Former Microsoft Founder Bill Gates has been interviewed extensively in the news recently, mostly about his viewpoints on the ongoing coronavirus situation, which ultimately involve his professed plans to “vaccinate virtually the entire world population.”
Gates has said that he will need legal protection from governments should his plan go the way he anticipates, and has also estimated that hundreds of thousands of people may experience adverse events from the vaccine.
Despite these concerns, the industry and Gates continue to push on undeterred.
Gates has also donated millions of dollars to several other wide-ranging causes, many of which have drawn controversy from those who believe his influence goes way too far.
In recent years Gates has donated millions of dollars to outfit small farmers with genetically engineered seeds, invested in a project to create lab grown meat from GMO yeast, and has even worked with Harvard University on a project to block out the sun’s rays using geoengineering, according to a report from Forbes.com.
Now, it has come to light that Gates has also funded GMO mosquitoes, which have been given the go-ahead by the United States EPA be released in two states despite previous reports of unintended consequences from Yale University and other scientists.
Report: Gates Foundation Funded GMO Mosquitoes Approved for Release in Two States
According to a “fact checking” report from USA Today released earlier this week, alternative media reports of a forthcoming GMO mosquito release in two states have proven to be true.
The release, which will be conducted by Bill Gates funded company Oxitec, has been granted an “experimental use permit” to release the novel GMO mosquitoes in the Florida Keys and Harris County, Texas, where Houston is located.
“To meet today’s public health challenges head-on, the nation needs to facilitate innovation and advance the science around new tools and approaches to better protect the health of all Americans,” a news release from the EPA said.
The permit will last for two years and will require the British company to monitor and sample the new population of novel GMO mosquitoes.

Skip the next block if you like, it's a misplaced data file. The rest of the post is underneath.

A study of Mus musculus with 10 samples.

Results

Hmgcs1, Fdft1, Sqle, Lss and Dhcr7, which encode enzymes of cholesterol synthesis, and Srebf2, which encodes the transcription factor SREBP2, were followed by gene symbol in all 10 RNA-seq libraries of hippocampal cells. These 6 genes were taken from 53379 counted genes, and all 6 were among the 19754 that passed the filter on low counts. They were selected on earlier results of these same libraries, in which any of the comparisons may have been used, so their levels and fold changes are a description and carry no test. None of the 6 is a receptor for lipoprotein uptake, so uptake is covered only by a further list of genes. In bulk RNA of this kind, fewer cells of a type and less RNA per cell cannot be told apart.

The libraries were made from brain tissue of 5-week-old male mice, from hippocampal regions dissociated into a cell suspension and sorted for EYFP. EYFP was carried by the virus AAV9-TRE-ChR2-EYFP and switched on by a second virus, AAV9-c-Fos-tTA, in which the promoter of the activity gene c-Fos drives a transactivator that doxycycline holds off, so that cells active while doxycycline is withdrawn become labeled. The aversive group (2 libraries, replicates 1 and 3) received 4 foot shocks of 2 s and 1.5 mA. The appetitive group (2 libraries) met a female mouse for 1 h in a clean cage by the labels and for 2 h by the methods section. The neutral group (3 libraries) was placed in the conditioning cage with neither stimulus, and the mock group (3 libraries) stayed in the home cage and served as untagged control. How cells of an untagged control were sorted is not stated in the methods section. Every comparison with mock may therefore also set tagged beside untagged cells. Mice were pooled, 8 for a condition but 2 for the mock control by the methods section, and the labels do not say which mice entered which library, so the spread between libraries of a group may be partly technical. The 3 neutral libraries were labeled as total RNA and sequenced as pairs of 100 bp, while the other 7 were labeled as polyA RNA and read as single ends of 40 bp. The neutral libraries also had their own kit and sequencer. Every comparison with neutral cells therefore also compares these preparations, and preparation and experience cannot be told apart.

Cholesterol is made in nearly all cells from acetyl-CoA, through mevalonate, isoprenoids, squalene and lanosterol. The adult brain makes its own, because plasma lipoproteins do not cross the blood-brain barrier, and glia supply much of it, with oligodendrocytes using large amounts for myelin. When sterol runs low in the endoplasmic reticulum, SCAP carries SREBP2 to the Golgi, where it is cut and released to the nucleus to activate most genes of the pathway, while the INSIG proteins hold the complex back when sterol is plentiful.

Previous attempts to release the lab-created insects have been met with opposition in Monroe County, Florida (the Florida Keys), where city officials ultimately voted against them.
But a vote in the Florida Keys earlier this August by a tally of 4-1 allowed for the release of millions of genetically modified mosquitoes in a yet-to-be-disclosed area of the island chain.
Are GMO Mosquitoes Actually Safe?
As is the case with most GMOs, the mosquitoes have not been tested for long-term safety, either in regards to their effects on humans or the local ecosystem.
The mosquitoes were originally created through a $4.1 million grant by the Bill & Melinda Gates Foundation, which led to a new strain of male GMO mosquitoes of the Anopheles albimanus species.
The EPA believes they are safe, but environmental activists aren’t so sure.
“We have repeatedly asked for Oxitec to work with us to prove the technology is safe,” Barry Wray, executive director of the Florida Keys Environmental Coalition, said in a statement in 2018 after Oxitec applied for its second permit.
“Instead of receiving Oxitec’s cooperation to provide this confidence, we have witnessed a pattern of avoidance, misrepresentations, obfuscations and using marketing and political influence to persuade the regulatory and community stakeholders to proceed with what is truly a poorly designed experiment on our public and ecosystems,” Wray said.
The Texas releases aren’t scheduled to happen some time in 2021, but the Florida ones could happen sooner.
Yale University Scientists Find “Unintended Effects” of First GMO Mosquito Experiment
Despite the presumably positive intentions of the mosquitoes to combat disease, there is much doubt of whether the experiment will be effective or not, along with potential health and environmental ramifications of releasing a novel organism into an ecosystem.
“The idea would be that when these males mated with females, the offspring would die. And therefore the overall population size of the mosquitoes would decline.” said Yale professor Jeffrey Powell.
That didn’t appear to go as planned in practice, Powell added.
Recently, scientists at Yale and other universities found that hybrids of the GMO mosquitoes and native mosquitoes were produced in Brazil, where millions of them were released by the aforementioned company, meaning some offspring were not sterile as expected.
In other words, the jury is still out on whether the experiment will backfire or not. The mosquitoes haven’t been tested for long-term safety or environmental impact, and they may actually be causing native mosquito populations to become stronger and more menacing in the long run.
“What we found was unexpected. Unpredicted,” Powell said.
“We don’t know what the effect of having this hybrid population is,” “These could be stronger mosquitoes, harder to control.